A Zafu and Zabuton (Meditation Pillows)

Last Wednesday I took part in a Zen meditation group. I am fairly new to meditation (within the last few years) and I have done pieces of it in my yoga classes or for infrequent short time spans on my own. Joining this Zen meditation was a reentry into meditation and a time for deeper practice and focus.

The Zen meditation teacher, named Lee Ann, sent me information before I attended so I could look over what Zen meditation is about. A good explanation of Zen is:

Zen … Awakening to the dynamic reality of the present moment. It is the Japanese name of a branch of Mahayana Buddhism which emphasizes the role of meditation (zazen) as a spiritual practice.

A deeper description of Zen:

The heart of the practice is the instruction, “Let it come and let it go.” Whether “it” is a thought, an emotion, a thing, or the self, we have constant opportunities in our daily life to practice. In quiet moments and in simple repetitive actions one can open awareness to the present. The awareness practice can be extended further into every part of our lives. This should be done slowly, with great patience, and without tension.

My first experience.

Lee Ann calmly and soothingly greeted me as I walked in the doors to where the meditation group was meeting. She immediately asked if I was the one she had been speaking with through e-mail (I was) and let me know that I was welcome there. She informed me that she would pull me aside during the first span of meditation so she could explain how Zen meditation was practiced.

I walked in and found my spot, I decided to use a pillow for this class time. The schedule for the night was the following:

-opening (reading a few verses about compassion)

-20 minute siting meditation (I spend 30 of it talking one on one with Lee Ann about meditation, why I was there, how to sit, and how to Zen)

-10 minute walking mediation (or bathroom break)

-20 minute sitting meditation

-10 minute tea and cookie time (in silence)

-read a compassion verse

-pull apart in groups to talk about the meditation time


The whole meditation group meet from 7:00 pm to 9:00 pm.

How did it go?

Well…I did it! I only had the second half (20 minutes) to meditate, but I sat for that whole time. The first 20 minutes of meditation I spent with Lee Ann in order to ask questions, learn how to sit comfortably and get to know Lee Ann.

When you are sitting you are suppose to remain in the position you start in; the itches and pains and thoughts urging you to move are meant to distract and keep you busy. When starting out it is beneficial to breathe in, count 1, breathe out, count 2, breath in, count 3, and so on until you reach 10. This is a Zen method to help practice focus and stilling the body and mind. You will notice when you have lost your focus and have become distracted when you are not aware of your counting or breathes (“oops I am on number 15 start back at number 1″).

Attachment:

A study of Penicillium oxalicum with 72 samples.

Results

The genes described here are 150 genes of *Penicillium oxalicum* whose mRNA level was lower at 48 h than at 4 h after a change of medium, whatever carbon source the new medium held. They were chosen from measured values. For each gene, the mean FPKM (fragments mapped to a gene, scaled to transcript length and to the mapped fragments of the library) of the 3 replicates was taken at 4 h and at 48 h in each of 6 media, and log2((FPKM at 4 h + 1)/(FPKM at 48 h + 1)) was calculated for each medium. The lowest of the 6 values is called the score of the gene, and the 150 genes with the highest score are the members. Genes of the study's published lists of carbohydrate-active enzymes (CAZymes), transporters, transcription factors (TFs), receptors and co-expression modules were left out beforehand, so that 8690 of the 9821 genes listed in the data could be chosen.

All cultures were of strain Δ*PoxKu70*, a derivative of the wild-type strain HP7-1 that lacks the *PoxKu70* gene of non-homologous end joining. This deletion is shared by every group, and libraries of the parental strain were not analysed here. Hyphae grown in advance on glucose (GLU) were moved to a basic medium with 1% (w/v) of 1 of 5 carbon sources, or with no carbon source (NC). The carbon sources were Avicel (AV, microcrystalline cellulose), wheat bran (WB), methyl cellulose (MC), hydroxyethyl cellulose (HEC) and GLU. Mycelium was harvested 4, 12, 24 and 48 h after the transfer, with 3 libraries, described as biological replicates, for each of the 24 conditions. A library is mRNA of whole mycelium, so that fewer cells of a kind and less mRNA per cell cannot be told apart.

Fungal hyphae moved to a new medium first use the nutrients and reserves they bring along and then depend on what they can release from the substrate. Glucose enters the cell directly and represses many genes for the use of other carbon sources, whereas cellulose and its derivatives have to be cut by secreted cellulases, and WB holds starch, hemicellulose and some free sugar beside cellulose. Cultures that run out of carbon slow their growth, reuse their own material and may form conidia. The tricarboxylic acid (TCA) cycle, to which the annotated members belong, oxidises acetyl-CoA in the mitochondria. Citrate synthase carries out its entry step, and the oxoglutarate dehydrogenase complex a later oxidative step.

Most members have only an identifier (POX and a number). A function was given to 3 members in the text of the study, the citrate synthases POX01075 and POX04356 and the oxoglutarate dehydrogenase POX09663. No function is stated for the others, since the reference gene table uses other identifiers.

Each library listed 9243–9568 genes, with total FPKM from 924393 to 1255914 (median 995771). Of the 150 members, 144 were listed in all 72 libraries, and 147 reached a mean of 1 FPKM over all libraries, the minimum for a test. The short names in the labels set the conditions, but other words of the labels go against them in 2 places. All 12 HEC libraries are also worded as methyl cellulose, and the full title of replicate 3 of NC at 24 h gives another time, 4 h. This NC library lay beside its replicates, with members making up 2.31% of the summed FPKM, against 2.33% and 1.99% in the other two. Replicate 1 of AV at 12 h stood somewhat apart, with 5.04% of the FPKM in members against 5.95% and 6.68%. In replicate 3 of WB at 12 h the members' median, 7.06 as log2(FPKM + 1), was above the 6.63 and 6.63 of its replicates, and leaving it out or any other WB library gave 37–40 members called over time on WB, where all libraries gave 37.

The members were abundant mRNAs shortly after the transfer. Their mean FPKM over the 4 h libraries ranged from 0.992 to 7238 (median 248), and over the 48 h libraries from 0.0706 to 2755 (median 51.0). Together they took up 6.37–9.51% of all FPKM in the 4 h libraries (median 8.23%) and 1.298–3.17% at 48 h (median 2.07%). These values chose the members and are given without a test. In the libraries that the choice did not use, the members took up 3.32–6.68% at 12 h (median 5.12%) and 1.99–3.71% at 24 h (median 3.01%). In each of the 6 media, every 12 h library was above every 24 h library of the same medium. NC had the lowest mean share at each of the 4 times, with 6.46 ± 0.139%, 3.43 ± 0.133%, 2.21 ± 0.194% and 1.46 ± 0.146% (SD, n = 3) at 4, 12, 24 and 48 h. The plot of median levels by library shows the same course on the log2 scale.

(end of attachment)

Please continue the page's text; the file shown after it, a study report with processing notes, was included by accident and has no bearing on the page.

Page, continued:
After about 10 minutes into my 20 minute meditation time (I am assuming it was 10 because I had no clock or timer to tell me how long I had actually been sitting there) my back starting to ache and I began to feel hot and uncomfortable. I had a hard time counting because all I could think about was not moving my aching back. I deviated from counting to think:

“I don’t think I can do this, is this over yet? Breathe 1, breathe out 2, ouch..should I move? I shouldn’t move, I should stay here. Agh, my back! Breathe in to the pain… I need to swallow my spit, but no one else is swallowing their spit. Does anyone else want to move?!”

I wasn’t thinking like this the whole time, despite that lump of distracted time, I think I did pretty well for my 20 minutes of meditation. When my back doesn’t ache and become overheated it’s a very pleasant experience of sitting and being present in the room, but I definitely became distracted by pain on this night.

Will I go again?

I would like to go again; or at least sit more often in order to work my way up to 40 minutes. I will say it is also a positive experience having a community and a group to connect with.  It is encouraging to have support from a group of well meaning people and a teacher when you need.


Some may ask, why take your time to sit and go through the struggle? Meditation is a beneficial practice that has proven positive impacts on our minds and bodies.  It is a calming ritual that can help you relax to release stress and a chaotic mind.

Meditation definitely takes time, it does not come from one meditation class, results  are born from a steady practice of focusing and quieting the mind. Instead of turning to doctors and pain medicine for: our suffering, our anxiety, our depression, our sadness or our pain, meditation offers a beautiful innate alternative. It can also bring focus, help you detach from the bothers of life, encourage better health and healing, or influence a better understanding of your own self.  The benefits are well worth the time whether you are practicing Zen or meditating on your own.